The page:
Mussolini’s fall from grace

11 November 2017

9:00 AM

11 November 2017

9:00 AM

These days it is fashionable to claim Mussolini as a fundamentally decent fellow led astray by an opportunist alliance with Hitler. Whether this revisionism is the song and dance of a minority, or something more widespread and daft, is hard to say. Italians understandably wish to view themselves as brava gente — good people — so they prefer to blame Hitler for Mussolini’s murderous 1938 racial laws against the Jews. The truth is, Nazi Germany never demanded an anti-Semitic campaign as the price of friendship with Italy. On the contrary, Mussolini resented the imputation that his anti-Jewish legislation was imposed on him from without.

By the time Iris Origo’s Italian war diary opens in 1939, the racial laws have declared Italian Jews a contaminant akin to the Nazis’s Fremdkörper, an alien within the state. The anti-Semitic propaganda was of course endorsed by the Fascist Party and the muzzled Italian press, but it was not taken seriously by the larger public, and certainly not by Origo.

Born Iris Cutting in 1902, the Anglo-American diarist and biographer was living at this time with her aristocratic Italian husband, Antonio Origo, at La Foce, a Tuscan estate in the Val d’Orcia. The region gave its name to her bestselling work, War in Val d’Orcia, a diary account of the year 1943–1944, when Hitler invaded northern Italy.

A Chill in the Air, a precursor to War in Val d’Orcia, shows Italy facing imminent catastrophe in 1939 from the ‘Juggernaut of war’. The diary was not intended for publication; it was a private venting of anxieties. Antonio Origo remains cautiously loyal to Mussolini throughout, not least because the Fascist government had subsidised the renovation of La Foce and its fabulous gardens (celebrated today throughout Italy).

Iris, too, had been impressed by the Duce, who was anyway widely admired in pre-war Britain. Newspapers (notably Lord Rothmere’s Daily Mail) carried flattering photographs of the dictator; Mussolini was on good terms with King George V, more-over, who in 1923 publicly congratulated him on his ‘wise leadership’. For the younger Iris, the Duce was a ‘very great man’ (she wrote to a friend in 1930). The ‘virile’ alternative of Fascism in the late 1920s and early 1930s appealed to Britons and Americans alike, disgruntled by an age of leftist poets, flappers and perceived Judeo-Bolshevik threats.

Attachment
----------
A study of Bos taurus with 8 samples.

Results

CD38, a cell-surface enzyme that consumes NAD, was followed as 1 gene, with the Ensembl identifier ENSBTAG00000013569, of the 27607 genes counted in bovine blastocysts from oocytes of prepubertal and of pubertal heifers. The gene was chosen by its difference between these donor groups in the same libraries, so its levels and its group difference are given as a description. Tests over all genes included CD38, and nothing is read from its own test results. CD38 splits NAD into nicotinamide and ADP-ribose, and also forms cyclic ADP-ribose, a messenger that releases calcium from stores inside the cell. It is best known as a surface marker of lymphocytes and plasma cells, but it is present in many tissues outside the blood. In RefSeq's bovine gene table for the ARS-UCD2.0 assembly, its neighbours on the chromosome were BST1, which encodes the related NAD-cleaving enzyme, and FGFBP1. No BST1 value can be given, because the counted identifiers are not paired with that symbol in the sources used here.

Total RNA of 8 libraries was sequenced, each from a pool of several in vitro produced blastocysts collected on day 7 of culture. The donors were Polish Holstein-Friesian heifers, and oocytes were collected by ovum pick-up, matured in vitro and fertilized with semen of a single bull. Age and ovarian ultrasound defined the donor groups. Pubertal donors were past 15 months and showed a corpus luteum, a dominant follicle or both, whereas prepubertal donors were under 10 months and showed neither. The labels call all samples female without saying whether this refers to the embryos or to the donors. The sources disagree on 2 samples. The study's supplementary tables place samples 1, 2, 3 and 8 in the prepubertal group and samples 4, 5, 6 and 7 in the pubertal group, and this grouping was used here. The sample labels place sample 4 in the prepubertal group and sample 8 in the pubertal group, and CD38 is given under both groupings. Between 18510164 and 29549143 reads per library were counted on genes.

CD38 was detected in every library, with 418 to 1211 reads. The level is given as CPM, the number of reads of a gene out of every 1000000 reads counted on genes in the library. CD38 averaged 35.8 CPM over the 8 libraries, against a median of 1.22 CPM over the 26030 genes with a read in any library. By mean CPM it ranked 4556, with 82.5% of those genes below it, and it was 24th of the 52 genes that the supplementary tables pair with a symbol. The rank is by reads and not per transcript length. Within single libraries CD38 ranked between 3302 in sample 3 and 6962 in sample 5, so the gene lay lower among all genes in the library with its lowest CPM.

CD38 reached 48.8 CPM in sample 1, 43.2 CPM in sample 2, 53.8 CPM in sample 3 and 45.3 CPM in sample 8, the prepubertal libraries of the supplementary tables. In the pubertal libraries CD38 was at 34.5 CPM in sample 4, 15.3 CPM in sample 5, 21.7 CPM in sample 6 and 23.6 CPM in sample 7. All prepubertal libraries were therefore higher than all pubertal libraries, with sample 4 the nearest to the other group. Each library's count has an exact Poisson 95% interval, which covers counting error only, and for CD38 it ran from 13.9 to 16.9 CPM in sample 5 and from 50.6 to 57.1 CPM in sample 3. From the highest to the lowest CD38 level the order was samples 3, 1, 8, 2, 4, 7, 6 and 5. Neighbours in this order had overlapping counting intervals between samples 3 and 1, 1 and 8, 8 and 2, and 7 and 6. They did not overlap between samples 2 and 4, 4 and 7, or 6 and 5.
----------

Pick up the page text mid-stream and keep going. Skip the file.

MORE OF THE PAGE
Later, however, Origo’s views shifted. In her introduction to A Chill in the Air, Lucy Hughes-Hallett commends her as a ‘kind of Mother Courage’; Brecht’s cart-pulling peasant woman is not known to have worn Fortuny tea-gowns (as Iris’s English mother did) or to have had a Swiss nanny to hand, yet she and Origo did share a doggedness and wariness of political authority. On 7 April 1939 — Good Friday — Mussolini invaded Albania. With this cynical smash-and-grab raid the Duce had struck another blow against the sanctity of international law. Origo is aghast that her Catholic friends express no distaste at the choice of Good Friday. (Perhaps it should have been April Fool’s Day.)

Worse was to come. On 22 May, Mussolini forged ‘the pact of steel’ military alliance with Hitler. Previous pacts between Nazi Germany and Fascist Italy had been fairly meaningless, but this was the signal that a general European war was about to start, and more-over it committed Italy to rally to Germany’s aid. The Duce, having hitched his carnival chariot to the Führer’s funeral hearse, was now leading Italy irrevocably to ruin. Origo would remember this time personally as one of a political awakening. ‘We are now wholly pro-German,’ she despairs; a last chance for peace in Europe had been lost with Mussolini’s cosying up to Hitler.

On 10 June 1940, under pressure from Hitler, Mussolini finally declared war on Britain and France. The Duce’s speech, transmitted nationwide by wireless, booms into La Foce as staff assemble in the grounds to listen. (The wireless, Hughes-Hallet observes, is at the very centre of the diary.) ‘People of Italy, to arms, and show your tenacity!’, the Duce hollers from his Rome headquarters. The dictator’s balcony-ranting is by now intolerable to Origo. ‘MUSSOLINI IS ALWAYS RIGHT’, the slogans proclaim hopefully (when actually Mussolini is usually wrong).

In Rome, where her godfather William Phillips was US ambassador, Origo finds anti-German feeling ‘rampant’. The promulgation of the Fascist racial laws — a shameful chapter in the history of modern Italy — had left Roman Jews uncertain what to believe. The terrible events developing in far-distant Poland took their place in the rumour-ridden politics of the moment.

Nowhere in A Chill in the Air does one learn of the circumstances of Origo’s marriage, her husband’s name, even if she has children. So it comes as a surprise when the diary ends abruptly on 1 August 1940 with the birth of the author’s baby daughter. The reader has been quite unaware of the pregnancy. Origo’s diaries, trenchantly and pithily written, are a glory; anyone with an interest in the fate of Europe today should read them.